Hop Lee? Who the hell was Hop Lee? You can search the Jack Daniels Tennessee Whiskey sites at length and never find a mention of his name. Nevertheless, Lee was a Tennessee native and worthy of attention for his accomplishments as a whiskey man. What he may or may not have done for the Daniels folks is almost extraneous to his story.
Lee was born Hopkins Turney Lee in November 1846 in Putnam County, Tennessee, and grew up in a house that his father, John Milton Lee, had built in the mid-1800s adjacent to Martin’s Creek Road west of Cookeville, the county seat. John Lee was a native Tennessean who about the age of 25 in 1829 married a woman five years his junior named Sara, also a native Tennessean. They had eight children of whom Hop was the seventh.
The youngster knew tragedy early in life . When he was only nine years old his father was murdered, possibly right in front of his eyes. John Lee’s slaying occurred in 1864 during the Civil War. Tennessee had been a major battleground in Western regions of the conflict, with Putman County a conflicted area. As Union and Confederate forces contended over the Tennessee countryside, lawlessness grew and bands of “home guards,” actually little more than bandits, roamed the hills. When a gang descended on John Lee and his family demanding money, the father refused to give it to them and was killed. That left Sarah to raise several minor children, including Hop.
For the next few years the record is scanty about Hop Lee. According to the Granville Museum display, at some point he moved to that locality where he set about making whiskey. His having been part of the Jack Daniels operation may be apocryphal, however, since that distillery incorporated at Lynchburg, Tennessee, in 1866 when Hop still would have been a youngster. There is no question that later he became thoroughly familiar with distilling and it is possible he was hired for a time at Jack Daniels and trained workers such as those whimsically shown here on a saloon sign.
About the age of 25 Hop Lee got married. His bride was Sarah Jane, also a native of Tennessee. They had five children over their wedded life, all born in Tennessee. Hop appears to have engaged in several enterprises, not all successful. In 1897 in an open letter to a local newspaper in Paris, Tennessee, more than 100 miles from Putnam County, he announced that because of “dull business” after six years in the retail trade in Paris he was selling out at below cost and urged the citizenry to come and buy something. “...I am sorry to leave, but I can’t make a living here and I am compelled to move away.”
His plea about not making a living may have been somewhat disingenuous. Three years later the U.S. Census found him living with his wife and two minor children in Putnam County. Two servants were in the household. He gave his occupation as “farmer” but he clearly was heavily involved in the whiskey trade with a retail outlet in Nashville. His store was located on Broadway, a principal commercial avenue shown here in the late 1880s. Lee was a whiskey wholesaler selling his product in ceramic jugs of several sizes. He also sold at retail and featured proprietary brands such as “Hop’s White Corn,” merchandised as “Wild Cat Kind.” That was the slogan affixed to a giveaway mini jug he passed along to favored customers. Shown here, it featured the name he had given his facilities -- “Hoptown.”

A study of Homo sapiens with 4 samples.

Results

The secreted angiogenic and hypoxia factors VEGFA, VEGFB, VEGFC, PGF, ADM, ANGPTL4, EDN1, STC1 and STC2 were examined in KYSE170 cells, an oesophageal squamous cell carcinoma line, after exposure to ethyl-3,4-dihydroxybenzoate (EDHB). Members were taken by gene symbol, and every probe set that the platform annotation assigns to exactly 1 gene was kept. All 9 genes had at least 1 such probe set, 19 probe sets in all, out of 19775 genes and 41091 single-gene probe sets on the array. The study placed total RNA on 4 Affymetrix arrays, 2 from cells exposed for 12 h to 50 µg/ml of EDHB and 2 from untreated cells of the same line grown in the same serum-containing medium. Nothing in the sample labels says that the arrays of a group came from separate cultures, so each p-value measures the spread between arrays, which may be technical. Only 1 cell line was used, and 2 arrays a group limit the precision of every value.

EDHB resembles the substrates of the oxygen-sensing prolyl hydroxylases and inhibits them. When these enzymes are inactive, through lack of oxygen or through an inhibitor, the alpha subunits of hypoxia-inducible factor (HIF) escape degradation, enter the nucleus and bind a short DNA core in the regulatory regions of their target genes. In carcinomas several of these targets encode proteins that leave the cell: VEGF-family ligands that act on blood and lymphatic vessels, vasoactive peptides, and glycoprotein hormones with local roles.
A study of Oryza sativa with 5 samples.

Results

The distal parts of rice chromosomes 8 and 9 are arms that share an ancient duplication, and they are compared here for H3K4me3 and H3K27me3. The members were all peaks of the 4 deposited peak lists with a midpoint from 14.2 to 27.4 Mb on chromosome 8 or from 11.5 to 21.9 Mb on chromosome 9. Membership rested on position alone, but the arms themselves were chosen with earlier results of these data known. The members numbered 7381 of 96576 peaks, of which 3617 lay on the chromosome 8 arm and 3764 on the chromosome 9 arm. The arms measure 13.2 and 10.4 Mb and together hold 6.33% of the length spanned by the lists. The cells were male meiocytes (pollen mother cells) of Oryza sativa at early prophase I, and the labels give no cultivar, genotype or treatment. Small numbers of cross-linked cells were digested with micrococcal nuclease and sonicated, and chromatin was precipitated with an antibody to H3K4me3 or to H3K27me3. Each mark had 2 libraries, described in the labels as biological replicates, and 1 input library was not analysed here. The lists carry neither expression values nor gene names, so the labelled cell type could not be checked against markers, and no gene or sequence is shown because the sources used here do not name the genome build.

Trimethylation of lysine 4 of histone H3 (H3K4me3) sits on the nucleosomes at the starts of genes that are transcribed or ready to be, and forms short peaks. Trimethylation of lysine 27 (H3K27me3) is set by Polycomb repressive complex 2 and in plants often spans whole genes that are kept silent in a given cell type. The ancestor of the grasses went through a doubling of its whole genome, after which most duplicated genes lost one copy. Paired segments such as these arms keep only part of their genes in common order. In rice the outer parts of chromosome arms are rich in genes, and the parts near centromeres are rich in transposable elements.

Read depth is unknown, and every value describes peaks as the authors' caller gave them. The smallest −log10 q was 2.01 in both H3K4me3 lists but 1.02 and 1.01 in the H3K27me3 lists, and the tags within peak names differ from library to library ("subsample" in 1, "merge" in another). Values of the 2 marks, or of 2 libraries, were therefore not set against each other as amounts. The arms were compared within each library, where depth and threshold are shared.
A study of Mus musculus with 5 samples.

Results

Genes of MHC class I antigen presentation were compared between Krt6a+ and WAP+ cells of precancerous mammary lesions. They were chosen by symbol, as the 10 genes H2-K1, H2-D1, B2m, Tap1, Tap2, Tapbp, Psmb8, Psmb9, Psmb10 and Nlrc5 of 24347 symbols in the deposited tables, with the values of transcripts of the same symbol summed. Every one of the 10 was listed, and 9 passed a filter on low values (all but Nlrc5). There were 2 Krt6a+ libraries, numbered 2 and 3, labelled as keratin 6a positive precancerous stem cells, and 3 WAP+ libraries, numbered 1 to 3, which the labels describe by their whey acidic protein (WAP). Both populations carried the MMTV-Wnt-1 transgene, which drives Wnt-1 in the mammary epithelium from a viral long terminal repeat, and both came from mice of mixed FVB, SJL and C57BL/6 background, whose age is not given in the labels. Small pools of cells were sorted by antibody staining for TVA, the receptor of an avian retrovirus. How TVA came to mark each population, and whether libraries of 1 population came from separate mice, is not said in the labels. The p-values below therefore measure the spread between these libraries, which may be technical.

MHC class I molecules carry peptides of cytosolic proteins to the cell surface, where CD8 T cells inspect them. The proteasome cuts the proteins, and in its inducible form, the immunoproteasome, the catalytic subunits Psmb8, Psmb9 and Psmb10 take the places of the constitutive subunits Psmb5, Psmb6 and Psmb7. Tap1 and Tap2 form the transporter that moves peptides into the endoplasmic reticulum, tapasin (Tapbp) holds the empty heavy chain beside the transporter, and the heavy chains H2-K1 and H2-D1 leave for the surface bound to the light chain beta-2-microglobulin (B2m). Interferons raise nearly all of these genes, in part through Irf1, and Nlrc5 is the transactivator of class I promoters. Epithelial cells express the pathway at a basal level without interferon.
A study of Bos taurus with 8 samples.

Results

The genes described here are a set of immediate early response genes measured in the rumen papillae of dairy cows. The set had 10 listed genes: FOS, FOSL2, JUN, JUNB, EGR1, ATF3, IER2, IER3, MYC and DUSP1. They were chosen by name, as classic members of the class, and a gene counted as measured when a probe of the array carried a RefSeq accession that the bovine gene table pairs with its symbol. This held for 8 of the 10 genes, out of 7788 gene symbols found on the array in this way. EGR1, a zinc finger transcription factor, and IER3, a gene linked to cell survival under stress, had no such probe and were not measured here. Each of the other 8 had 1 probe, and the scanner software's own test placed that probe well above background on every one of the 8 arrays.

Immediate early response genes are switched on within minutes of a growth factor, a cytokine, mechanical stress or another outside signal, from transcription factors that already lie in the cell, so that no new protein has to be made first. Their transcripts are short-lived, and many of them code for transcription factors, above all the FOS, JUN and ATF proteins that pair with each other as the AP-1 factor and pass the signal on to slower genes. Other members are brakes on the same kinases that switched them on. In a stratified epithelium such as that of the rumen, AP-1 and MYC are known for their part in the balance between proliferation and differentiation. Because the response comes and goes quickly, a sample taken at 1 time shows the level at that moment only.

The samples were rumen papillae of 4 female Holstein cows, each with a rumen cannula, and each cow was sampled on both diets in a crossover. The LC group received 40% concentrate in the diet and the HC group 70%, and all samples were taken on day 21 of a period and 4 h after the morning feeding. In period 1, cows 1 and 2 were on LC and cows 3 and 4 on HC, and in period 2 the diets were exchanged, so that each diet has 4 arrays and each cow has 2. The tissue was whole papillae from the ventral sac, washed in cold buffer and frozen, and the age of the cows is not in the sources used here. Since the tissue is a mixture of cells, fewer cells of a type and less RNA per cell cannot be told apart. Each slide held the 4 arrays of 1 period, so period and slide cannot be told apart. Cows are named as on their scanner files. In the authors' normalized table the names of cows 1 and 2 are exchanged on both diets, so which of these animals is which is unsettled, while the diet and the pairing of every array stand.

Tennessee passed a statewide prohibition law in 1910, effectively barring the legal distillation of whiskey within the state. The Jack Daniels Co. challenged the law, obviously with Hop Lee’s concurrence, in a test case that eventually worked its way up to the Tennessee Supreme Court. When the court upheld the law as constitutional it meant the end of both Jack Daniels’ and Hop Lee’s liquor businesses. By this time, however, Hop had made the most of his years in the whiskey trade and was deemed a wealthy man. In 1907 he became a director of a new Putnam County financial institution, the Baxter Bank & Trust Company, with deposits of $272,000 in today’s dollar.
The 1920 census found Hop, now 64 years old, living on his farm, a widower, because Sarah Jane had died several years earlier. Living with him was his son, Benton, Benton’s wife, and two grandchildren. One of them was named Hop T. Lee Jr. The family had a live-in cook. Once again Hop gave his occupation as “farmer.” He died six years later in Putnam County and was buried in cemetery just a stone’s throw from the home he had known as a youth. According to the family, Hop Lee as “the most prosperous resident” of the graveyard was accorded the largest tombstone, shown here, and the cemetery officially became known as the Hop T. Lee Cemetery.
In 1946 the house Hop’s father had built a century earlier burned. It was rebuilt but then abandoned and the family cemetery was allowed to fall into disrepair. In the 1990s descendants were wading through the weeds surrounding the derelict structure when one stumbled over a headstone. They determined to put the cemetery back in working order and since 1998 it has been restored. Hop Lee’s headstone can be seen at left.
So far this post has not addressed the issue posed in the title. Well, perhaps Hop Lee did not teach the Jack Daniels folks how to make whiskey. There is no corroborating evidence for the claims of the Granville Museum. Lee has been accorded at least two honors, however, that many other whiskey men have failed to achieve. First, he has a mannequin of himself and a museum display about his distillery. Second, he has a Tennessee cemetery named for him. Considering those memorials who needs Jack Daniels?